A federal judge has dismissed a lawsuit filed by the Ute Distribution Corp., which had sought a voice in the management of wildlife on the Uintah and Ouray Reservation in eastern Utah.
The corporation, which represents the interests of former tribal members who are of so-called "mixed blood," asked for the dis-missal.The Ute Distribution Corp. now wants to pursue further administrative appeals within the federal government, said its attorney, Camille Johnson.
Senior U.S. District Judge Bruce Jenkins took the action without prejudice, meaning the lawsuit can be refiled later. The federal government and the Ute tribe, also named in the suit, did not oppose the dismissal at a brief hearing earlier this month.
The Ute Distribution Corp. was incorporated in 1958, when mixed-blood tribal members were being terminated from the Ute tribe.
Proceeds from assets that could easily be divided were distributed to the terminated members. Assets that could not be divided practically - such as oil, gas and mineral rights - were held in trust. The UDC was created to jointly manage those assets with the tribe.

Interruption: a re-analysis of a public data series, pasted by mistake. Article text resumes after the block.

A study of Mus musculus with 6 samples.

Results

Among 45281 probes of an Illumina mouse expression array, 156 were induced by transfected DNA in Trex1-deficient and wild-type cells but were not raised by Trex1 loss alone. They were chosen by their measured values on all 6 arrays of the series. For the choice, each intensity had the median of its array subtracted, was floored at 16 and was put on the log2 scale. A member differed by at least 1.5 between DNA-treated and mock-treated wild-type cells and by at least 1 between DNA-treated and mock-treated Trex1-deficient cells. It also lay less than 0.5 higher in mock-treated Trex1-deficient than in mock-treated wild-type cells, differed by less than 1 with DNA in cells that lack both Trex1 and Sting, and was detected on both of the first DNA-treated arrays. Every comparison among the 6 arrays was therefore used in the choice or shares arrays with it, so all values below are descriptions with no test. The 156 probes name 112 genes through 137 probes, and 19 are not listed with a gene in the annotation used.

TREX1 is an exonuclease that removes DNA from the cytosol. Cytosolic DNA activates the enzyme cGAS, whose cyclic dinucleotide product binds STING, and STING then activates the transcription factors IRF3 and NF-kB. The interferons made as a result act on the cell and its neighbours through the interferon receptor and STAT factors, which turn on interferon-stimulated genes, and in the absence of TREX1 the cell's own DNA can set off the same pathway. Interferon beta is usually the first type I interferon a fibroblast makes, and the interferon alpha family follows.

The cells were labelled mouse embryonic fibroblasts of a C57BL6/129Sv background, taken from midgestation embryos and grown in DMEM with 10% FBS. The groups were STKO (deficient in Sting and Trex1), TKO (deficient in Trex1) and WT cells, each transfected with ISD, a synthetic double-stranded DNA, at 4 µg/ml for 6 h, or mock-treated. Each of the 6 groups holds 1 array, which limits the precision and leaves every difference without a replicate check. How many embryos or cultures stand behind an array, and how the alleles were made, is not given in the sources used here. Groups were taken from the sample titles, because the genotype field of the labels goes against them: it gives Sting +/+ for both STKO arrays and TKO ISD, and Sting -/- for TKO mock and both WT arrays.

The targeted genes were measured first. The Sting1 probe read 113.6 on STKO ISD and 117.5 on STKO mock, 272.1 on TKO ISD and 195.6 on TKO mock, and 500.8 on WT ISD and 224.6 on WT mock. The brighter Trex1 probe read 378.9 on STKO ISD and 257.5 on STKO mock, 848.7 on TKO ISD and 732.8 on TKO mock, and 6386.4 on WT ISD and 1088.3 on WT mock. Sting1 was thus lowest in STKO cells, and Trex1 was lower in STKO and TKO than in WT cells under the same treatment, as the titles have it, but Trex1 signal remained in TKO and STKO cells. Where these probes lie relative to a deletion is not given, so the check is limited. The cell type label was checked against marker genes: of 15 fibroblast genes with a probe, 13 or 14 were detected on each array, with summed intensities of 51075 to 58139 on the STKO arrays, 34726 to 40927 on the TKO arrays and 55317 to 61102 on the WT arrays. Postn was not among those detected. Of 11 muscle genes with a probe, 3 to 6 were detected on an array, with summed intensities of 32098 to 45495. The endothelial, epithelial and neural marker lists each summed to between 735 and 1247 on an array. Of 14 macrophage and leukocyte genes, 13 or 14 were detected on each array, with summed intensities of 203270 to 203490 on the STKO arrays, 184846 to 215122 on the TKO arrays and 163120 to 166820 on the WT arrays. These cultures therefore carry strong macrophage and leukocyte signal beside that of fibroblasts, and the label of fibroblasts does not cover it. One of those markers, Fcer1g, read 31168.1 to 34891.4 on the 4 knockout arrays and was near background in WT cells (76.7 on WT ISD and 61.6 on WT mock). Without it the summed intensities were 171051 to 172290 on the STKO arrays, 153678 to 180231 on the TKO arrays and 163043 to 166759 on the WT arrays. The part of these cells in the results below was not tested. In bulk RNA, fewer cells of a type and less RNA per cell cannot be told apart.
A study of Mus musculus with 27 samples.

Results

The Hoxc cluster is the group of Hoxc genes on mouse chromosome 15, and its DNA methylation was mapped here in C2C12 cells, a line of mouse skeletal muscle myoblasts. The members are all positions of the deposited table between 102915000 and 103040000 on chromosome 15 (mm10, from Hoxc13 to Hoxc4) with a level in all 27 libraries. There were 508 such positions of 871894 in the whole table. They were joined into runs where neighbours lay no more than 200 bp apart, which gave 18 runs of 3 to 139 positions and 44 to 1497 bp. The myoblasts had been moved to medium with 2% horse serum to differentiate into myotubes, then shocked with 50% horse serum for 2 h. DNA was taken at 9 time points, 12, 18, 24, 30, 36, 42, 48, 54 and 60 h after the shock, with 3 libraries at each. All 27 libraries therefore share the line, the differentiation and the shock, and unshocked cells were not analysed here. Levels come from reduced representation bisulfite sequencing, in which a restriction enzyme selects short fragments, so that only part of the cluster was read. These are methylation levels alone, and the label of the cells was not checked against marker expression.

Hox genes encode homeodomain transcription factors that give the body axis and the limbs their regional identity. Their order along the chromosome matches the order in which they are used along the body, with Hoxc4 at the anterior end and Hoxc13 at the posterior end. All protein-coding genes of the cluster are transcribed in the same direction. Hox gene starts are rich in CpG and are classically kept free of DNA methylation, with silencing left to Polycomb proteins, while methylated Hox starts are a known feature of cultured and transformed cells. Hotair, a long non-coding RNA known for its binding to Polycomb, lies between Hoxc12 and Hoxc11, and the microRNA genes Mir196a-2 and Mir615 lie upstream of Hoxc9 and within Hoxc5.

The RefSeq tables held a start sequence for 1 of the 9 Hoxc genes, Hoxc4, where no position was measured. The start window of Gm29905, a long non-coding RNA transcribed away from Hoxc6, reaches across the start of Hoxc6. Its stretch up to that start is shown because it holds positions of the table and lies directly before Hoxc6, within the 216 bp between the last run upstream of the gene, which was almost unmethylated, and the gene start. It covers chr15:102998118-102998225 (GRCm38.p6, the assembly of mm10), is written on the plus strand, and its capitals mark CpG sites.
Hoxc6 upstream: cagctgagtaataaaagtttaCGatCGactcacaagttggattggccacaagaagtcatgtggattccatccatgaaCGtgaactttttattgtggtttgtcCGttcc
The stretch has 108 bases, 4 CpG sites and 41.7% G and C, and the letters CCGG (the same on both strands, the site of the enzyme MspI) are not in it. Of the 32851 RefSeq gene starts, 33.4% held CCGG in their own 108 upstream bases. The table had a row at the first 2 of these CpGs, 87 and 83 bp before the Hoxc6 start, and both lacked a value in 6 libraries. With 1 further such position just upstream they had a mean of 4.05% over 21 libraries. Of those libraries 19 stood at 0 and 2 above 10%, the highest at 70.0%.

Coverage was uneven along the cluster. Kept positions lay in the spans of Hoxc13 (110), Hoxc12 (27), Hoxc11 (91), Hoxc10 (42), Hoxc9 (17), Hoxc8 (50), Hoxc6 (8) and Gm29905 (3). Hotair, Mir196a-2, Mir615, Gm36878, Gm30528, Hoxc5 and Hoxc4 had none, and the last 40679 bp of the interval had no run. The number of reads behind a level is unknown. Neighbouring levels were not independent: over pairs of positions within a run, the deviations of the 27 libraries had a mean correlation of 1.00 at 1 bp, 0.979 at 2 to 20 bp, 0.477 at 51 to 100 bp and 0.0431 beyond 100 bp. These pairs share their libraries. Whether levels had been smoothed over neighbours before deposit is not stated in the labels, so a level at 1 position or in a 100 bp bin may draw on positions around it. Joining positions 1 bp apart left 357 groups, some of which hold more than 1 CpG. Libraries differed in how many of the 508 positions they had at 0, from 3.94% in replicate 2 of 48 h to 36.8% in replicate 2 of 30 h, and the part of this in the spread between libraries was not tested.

The UDC learned in 1996 that the Ute Business Committee had received a proposal to sell live elk from reservation property. Corporation leaders protested to David Allison, superintendent for the Bureau of Indian Affairs, arguing they should be included in such wildlife decisions.
Allison rejected their objections in May 1997. The UDC appealed to the area BIA director. When no decision had been issued by January, the UDC filed its federal lawsuit, protesting the tribe's continuing sales and trades of elk for other animals.
The director issued a decision in February, again rejecting the UDC protest. Johnson said the UDC, having withdrawn its suit, will next appeal to the Interior Board of Indian Appeals.
The Ute tribe - backed by the BIA - claims it retains sole management of fish and game resources.